DETROIT (AP) — Some Hyundai and Kia cars and SUVs are missing an anti-theft “key” device, and thieves know it.
An insurance industry group says these cars are stolen at nearly twice the rate of the rest of the auto industry because their keys lack computer chips for anti-theft “immobilizer” systems.
The thefts apparently began in the Milwaukee area two years ago and spread to several Midwestern cities and as far away as Colorado and New Mexico after training videos surfaced on social media.
The Highway Loss Data Institute, a unit of the Insurance Institute for Highways, found that Hyundais and Kias without immobilizers had a vehicle theft claim rate of 2.18 per 1,000 insured vehicle years. The rest of the industry together had a percentage of 1.21. One year of insured vehicle equals one vehicle insured for one year.
The institute, which released its findings Thursday, compared vehicles from the 2015 to 2019 model years. It looked at vehicle theft claims from 2021.
Chip keys, which started appearing in the 1990s, communicate with another chip in the ignition switch. If they match, the engines will start. If they don’t match, a thief can’t start the engine.
The Keys lack an immobilizer system in many versions of lower-priced vehicles from the two South Korean automakers such as the Kia Rio and Sportage and Hyundai Accent, the institute said.
“Our previous studies show that vehicle theft losses decreased after immobilizers were introduced,” said Matt Moore, the institute’s senior vice president. “Unfortunately, Hyundai and Kia have fallen behind other automakers when it comes to standard equipment.”
In the 2015 model year, immobilizers were standard on 96 percent of other manufacturers’ models, the institute said. But it was standard on only 26% of Hyundai and Kia models. Automakers have not explained their decision not to include immobilizers in some models.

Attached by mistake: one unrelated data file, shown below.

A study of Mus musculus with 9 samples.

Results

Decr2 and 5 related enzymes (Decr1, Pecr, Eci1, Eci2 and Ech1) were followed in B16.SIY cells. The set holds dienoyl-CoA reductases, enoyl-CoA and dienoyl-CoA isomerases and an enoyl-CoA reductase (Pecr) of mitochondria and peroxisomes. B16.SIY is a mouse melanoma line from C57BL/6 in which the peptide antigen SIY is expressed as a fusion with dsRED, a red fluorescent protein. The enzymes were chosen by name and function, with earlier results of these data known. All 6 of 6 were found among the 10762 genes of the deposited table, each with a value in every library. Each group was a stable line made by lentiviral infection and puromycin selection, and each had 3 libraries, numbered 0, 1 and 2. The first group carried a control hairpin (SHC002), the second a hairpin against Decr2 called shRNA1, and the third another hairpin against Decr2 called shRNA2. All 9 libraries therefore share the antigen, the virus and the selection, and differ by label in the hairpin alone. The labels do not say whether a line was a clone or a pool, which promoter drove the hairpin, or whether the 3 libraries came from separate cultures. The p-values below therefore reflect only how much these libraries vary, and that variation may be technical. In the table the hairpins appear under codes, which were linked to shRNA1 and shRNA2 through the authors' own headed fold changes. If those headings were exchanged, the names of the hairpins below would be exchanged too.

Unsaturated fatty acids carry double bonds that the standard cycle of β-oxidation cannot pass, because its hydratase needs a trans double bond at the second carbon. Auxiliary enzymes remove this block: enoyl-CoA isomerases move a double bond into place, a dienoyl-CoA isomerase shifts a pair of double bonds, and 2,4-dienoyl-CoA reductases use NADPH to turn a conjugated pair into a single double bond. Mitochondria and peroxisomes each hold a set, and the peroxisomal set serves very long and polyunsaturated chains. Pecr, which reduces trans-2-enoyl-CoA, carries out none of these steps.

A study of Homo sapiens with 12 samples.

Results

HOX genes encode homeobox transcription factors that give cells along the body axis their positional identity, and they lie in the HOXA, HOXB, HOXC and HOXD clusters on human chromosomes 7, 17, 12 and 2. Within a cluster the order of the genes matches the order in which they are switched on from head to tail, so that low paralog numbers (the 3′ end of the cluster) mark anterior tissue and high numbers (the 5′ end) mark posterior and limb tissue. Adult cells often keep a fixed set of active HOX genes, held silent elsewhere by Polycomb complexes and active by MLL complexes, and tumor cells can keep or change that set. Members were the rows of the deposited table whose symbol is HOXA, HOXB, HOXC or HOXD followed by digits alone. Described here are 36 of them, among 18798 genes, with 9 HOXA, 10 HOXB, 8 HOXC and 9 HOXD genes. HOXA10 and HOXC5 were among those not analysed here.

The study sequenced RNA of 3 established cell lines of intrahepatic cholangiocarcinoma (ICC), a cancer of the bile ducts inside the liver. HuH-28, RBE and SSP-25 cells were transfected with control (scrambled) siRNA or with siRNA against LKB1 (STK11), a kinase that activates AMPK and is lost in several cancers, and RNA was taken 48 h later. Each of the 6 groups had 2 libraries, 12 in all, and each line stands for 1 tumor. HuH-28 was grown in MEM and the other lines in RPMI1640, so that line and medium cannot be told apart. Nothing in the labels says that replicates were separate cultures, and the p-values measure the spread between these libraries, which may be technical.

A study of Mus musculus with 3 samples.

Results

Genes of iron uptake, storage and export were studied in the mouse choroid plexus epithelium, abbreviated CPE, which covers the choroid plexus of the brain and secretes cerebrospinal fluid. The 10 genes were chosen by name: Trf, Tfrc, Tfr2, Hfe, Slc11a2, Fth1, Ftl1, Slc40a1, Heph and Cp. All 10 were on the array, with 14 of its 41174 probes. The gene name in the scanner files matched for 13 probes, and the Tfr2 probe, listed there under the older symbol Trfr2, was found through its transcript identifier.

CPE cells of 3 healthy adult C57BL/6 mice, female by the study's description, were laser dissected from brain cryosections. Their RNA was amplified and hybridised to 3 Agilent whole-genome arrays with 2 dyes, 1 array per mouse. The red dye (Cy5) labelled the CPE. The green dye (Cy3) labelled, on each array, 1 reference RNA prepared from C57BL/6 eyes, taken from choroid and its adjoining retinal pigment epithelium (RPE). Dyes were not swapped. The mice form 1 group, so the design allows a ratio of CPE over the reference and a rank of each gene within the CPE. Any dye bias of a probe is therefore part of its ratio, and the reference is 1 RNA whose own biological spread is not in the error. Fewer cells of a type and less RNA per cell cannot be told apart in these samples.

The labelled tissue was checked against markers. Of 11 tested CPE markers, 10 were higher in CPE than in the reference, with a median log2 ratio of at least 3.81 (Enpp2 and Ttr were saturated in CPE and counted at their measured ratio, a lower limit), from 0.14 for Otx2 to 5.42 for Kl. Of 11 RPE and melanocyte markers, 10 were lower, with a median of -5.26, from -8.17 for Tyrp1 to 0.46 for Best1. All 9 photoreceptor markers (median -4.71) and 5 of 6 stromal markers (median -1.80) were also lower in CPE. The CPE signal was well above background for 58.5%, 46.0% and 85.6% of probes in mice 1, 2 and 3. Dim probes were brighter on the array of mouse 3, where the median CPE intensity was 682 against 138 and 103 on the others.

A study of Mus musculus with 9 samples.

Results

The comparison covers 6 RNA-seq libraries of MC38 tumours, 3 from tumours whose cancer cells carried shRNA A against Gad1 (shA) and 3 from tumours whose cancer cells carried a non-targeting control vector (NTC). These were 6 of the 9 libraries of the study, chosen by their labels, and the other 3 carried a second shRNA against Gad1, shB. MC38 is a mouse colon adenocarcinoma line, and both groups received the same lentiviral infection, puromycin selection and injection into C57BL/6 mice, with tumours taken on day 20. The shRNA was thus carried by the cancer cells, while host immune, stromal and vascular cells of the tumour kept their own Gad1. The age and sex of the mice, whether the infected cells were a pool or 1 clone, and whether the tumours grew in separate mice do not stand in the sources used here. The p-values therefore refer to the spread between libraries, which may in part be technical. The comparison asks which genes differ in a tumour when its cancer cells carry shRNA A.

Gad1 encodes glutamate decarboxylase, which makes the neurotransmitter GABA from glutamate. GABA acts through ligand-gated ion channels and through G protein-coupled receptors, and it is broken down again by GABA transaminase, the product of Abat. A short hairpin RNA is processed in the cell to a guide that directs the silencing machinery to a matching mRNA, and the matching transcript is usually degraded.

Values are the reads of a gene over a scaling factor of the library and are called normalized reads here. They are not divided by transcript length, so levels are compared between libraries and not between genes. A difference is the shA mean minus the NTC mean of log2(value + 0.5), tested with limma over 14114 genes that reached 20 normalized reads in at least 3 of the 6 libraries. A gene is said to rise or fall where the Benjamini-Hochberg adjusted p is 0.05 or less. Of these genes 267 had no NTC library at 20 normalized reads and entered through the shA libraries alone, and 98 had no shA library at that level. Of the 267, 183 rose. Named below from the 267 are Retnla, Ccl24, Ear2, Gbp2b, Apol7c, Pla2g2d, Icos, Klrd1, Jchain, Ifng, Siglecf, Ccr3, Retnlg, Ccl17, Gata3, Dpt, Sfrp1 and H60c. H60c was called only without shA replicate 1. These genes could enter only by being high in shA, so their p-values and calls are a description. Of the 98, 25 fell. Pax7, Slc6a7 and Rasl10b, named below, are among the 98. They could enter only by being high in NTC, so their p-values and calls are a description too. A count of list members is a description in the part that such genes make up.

The videos show thieves unscrewing the ignition cover on Hyundai and Kia vehicles, then using a screwdriver or USB cable to start them and drive them away.
Last year in Milwaukee, 66 percent of the 10,476 stolen vehicles were Hyundais or Kias, according to the Milwaukee Journal Sentinel. The number of thefts has slowed in the city so far this year. As of Sept. 12, 6,048 vehicles had been impounded, but 58 percent of them were Hyundais or Kias, Milwaukee police said Thursday.
A 17-year-old theft suspect in a viral Kia theft video was arrested after police used the video and an anonymous tip to track him down, the Journal Sentinel reported. He could face up to 22 years in prison.
Hyundai and Kia have acknowledged in statements that thieves steal some of their vehicles and said they meet federal safety standards. “It is unfortunate that criminals are using social media to target vehicles without immobilizers in a concerted effort,” Kia said.
All 2022 Kias got an immobilizer either at the start or during the model year. Hyundai said all models produced after November 1, 2021 have immobilizers as standard equipment.
Kia says it is working to provide steering wheel locks at no cost to authorities in the affected areas to prevent theft. Hyundai also said it provides the locks to police and that in October, it will start selling a security kit that targets thieves’ methods.
The institute’s Moore said vulnerable Hyundais and Kias rank among the 20 most popular vehicles with thieves, a distinction usually reserved for high-powered or expensive vehicles or trucks. The Dodge Charger SRT Hellcat had the highest rate of theft claims.
Many of the vulnerable Hyundais and Kias are often bought by people with lower incomes. “These are relatively inexpensive vehicles when bought new,” Moore said. Owners of some of the models may have dropped comprehensive insurance to save money and may have had to replace the cars themselves, he said.
To help prevent theft, owners should roll up windows, lock doors and carry the key or fob, says the National Insurance Crime Bureau. They should be parked in well-lit areas or in garages. If they must park outdoors, owners should consider installing motion sensor lights.